Wuthering Heights By Emily Brontë Chapter 20

I bid the trembling and bewildered child get down, and enter. He did not thoroughly comprehend the meaning of his father's speech, or whether it were intended for him: indeed, he was not yet certain that the grim, sneering stranger was his father. But he clung to me with growing trepidation; and on Mr. Heathcliff's taking a seat and bidding him 'come hither' he hid his face on my shoulder and wept.

'Tut, tut!' said Heathcliff, stretching out a hand and dragging him roughly between his knees, and then holding up his head by the chin. 'None of that nonsense! We're not going to hurt thee, Linton — isn't that thy name? Thou art thy mother's child, entirely! Where is my share in thee, puling chicken?'

He took off the boy's cap and pushed back his thick flaxen curls, felt his slender arms and his small fingers; during which examination Linton ceased crying, and lifted his great blue eyes to inspect the inspector.

'Do you know me?' asked Heathcliff, having satisfied himself that the limbs were all equally frail and feeble.

'No,' said Linton, with a gaze of vacant fear.

'You've heard of me, I daresay?'

'No,' he replied again.

'No! What a shame of your mother, never to waken your filial regard for me! You are my son, then, I'll tell you; and your mother was a wicked slut to leave you in ignorance of the sort of father you possessed. Now, don't wince, and colour up! Though it is something to see you have not white blood. Be a good lad; and I'll do for you. Nelly, if you be tired you may sit down; if not, get home again. I guess you'll report what you hear and see to the cipher at the Grange; and this thing won't be settled while you linger about it.'

'Well,' replied I, 'I hope you'll be kind to the boy, Mr. Heathcliff, or you'll not keep him long; and he's all you have akin in the wide world, that you will ever know — remember.'

'I'll be very kind to him, you needn't fear,' he said, laughing. 'Only nobody else must be kind to him: I'm jealous of monopolising his affection. And, to begin my kindness, Joseph, bring the lad some breakfast. Hareton, you infernal calf, begone to your work. Yes, Nell,' he added, when they had departed, 'my son is prospective owner of your place, and I should not wish him to die till I was certain of being his successor. Besides, he's mine, and I want the triumph of seeing my descendant fairly lord of their estates; my child hiring their children to till their fathers' lands for wages. That is the sole consideration which can make me endure the whelp: I despise him for himself, and hate him for the memories he revives! But that consideration is sufficient: he's as safe with me, and shall be tended as carefully as your master tends his own. I have a room up-stairs, furnished for him in handsome style; I've engaged a tutor, also, to come three times a week, from twenty miles' distance, to teach him what he pleases to learn. I've ordered Hareton to obey him: and in fact I've arranged everything with a view to preserve the superior and the gentleman in him, above his associates. I do regret, however, that he so little deserves the trouble: if I wished any blessing in the world, it was to find him a worthy object of pride; and I'm bitterly disappointed with the whey-faced, whining wretch!'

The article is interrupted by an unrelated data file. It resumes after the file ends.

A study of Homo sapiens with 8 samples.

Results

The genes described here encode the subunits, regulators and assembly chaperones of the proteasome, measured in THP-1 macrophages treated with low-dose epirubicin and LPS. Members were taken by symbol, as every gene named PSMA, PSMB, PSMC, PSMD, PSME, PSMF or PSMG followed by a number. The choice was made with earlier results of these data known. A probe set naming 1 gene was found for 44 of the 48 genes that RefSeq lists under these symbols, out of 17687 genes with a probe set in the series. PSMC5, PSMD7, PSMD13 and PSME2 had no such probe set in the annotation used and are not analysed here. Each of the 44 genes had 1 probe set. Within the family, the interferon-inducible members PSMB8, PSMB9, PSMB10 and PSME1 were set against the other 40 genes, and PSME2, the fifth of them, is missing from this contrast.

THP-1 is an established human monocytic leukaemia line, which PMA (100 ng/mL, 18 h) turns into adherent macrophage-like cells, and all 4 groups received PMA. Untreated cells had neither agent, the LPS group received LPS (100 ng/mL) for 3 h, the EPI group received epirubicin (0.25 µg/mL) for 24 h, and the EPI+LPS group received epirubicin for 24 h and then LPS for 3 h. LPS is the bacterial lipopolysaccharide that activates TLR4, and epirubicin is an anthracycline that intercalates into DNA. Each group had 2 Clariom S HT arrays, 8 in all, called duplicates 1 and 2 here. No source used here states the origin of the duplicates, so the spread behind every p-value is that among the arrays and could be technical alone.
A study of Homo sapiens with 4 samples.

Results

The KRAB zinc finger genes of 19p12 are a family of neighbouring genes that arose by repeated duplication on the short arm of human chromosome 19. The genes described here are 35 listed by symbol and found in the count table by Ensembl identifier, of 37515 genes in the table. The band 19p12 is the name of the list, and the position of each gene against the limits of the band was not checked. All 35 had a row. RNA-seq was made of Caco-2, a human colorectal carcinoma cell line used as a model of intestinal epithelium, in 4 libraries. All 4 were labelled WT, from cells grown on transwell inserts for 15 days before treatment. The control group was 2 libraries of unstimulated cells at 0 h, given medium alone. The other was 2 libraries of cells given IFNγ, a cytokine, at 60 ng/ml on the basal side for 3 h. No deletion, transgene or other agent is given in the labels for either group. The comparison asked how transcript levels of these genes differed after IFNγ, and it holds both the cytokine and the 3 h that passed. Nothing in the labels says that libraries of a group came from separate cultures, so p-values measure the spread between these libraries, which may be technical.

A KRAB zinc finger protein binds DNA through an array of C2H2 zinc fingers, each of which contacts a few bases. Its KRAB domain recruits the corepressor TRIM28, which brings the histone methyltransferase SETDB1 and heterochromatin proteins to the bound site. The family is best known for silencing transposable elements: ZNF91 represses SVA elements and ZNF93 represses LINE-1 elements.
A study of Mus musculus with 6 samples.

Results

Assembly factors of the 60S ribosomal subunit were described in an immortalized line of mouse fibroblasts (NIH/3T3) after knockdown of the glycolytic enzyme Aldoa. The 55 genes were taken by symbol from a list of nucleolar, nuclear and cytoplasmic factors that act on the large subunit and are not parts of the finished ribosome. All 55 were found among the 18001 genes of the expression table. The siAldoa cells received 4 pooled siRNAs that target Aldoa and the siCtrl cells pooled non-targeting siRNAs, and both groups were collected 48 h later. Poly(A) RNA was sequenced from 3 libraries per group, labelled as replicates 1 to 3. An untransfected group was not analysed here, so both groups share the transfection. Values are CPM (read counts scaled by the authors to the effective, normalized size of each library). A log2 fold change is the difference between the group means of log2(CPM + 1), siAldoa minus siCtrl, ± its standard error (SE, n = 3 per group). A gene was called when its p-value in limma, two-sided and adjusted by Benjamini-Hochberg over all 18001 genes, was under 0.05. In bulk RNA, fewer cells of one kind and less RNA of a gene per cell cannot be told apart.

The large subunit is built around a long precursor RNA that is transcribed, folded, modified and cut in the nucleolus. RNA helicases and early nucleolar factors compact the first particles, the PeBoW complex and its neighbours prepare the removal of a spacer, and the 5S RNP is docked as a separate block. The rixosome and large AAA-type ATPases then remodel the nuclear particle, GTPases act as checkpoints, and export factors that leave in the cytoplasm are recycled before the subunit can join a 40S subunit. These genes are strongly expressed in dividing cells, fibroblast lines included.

While he was speaking, Joseph returned bearing a basin of milk-porridge, and placed it before Linton: who stirred round the homely mess with a look of aversion, and affirmed he could not eat it. I saw the old man- servant shared largely in his master's scorn of the child; though he was compelled to retain the sentiment in his heart, because Heathcliff plainly meant his underlings to hold him in honour.

'Cannot ate it?' repeated he, peering in Linton's face, and subduing his voice to a whisper, for fear of being overheard. 'But Maister Hareton nivir ate naught else, when he wer a little 'un; and what wer gooid enough for him's gooid enough for ye, I's rayther think!'

'I sha'n't eat it!' answered Linton, snappishly. 'Take it away.'

Joseph snatched up the food indignantly, and brought it to us.

'Is there aught ails th' victuals?' he asked, thrusting the tray under Heathcliff's nose.

'What should ail them?' he said.

'Wah!' answered Joseph, 'yon dainty chap says he cannut ate 'em. But I guess it's raight! His mother wer just soa — we wer a'most too mucky to sow t' corn for makking her breead.'

'Don't mention his mother to me,' said the master, angrily. 'Get him something that he can eat, that's all. What is his usual food, Nelly?'

I suggested boiled milk or tea; and the housekeeper received instructions to prepare some. Come, I reflected, his father's selfishness may contribute to his comfort. He perceives his delicate constitution, and the necessity of treating him tolerably. I'll console Mr. Edgar by acquainting him with the turn Heathcliff's humour has taken. Having no excuse for lingering longer, I slipped out, while Linton was engaged in timidly rebuffing the advances of a friendly sheep-dog. But he was too much on the alert to be cheated: as I closed the door, I heard a cry, and a frantic repetition of the words —

'Don't leave me! I'll not stay here! I'll not stay here!'

Then the latch was raised and fell: they did not suffer him to come forth. I mounted Minny, and urged her to a trot; and so my brief guardianship ended.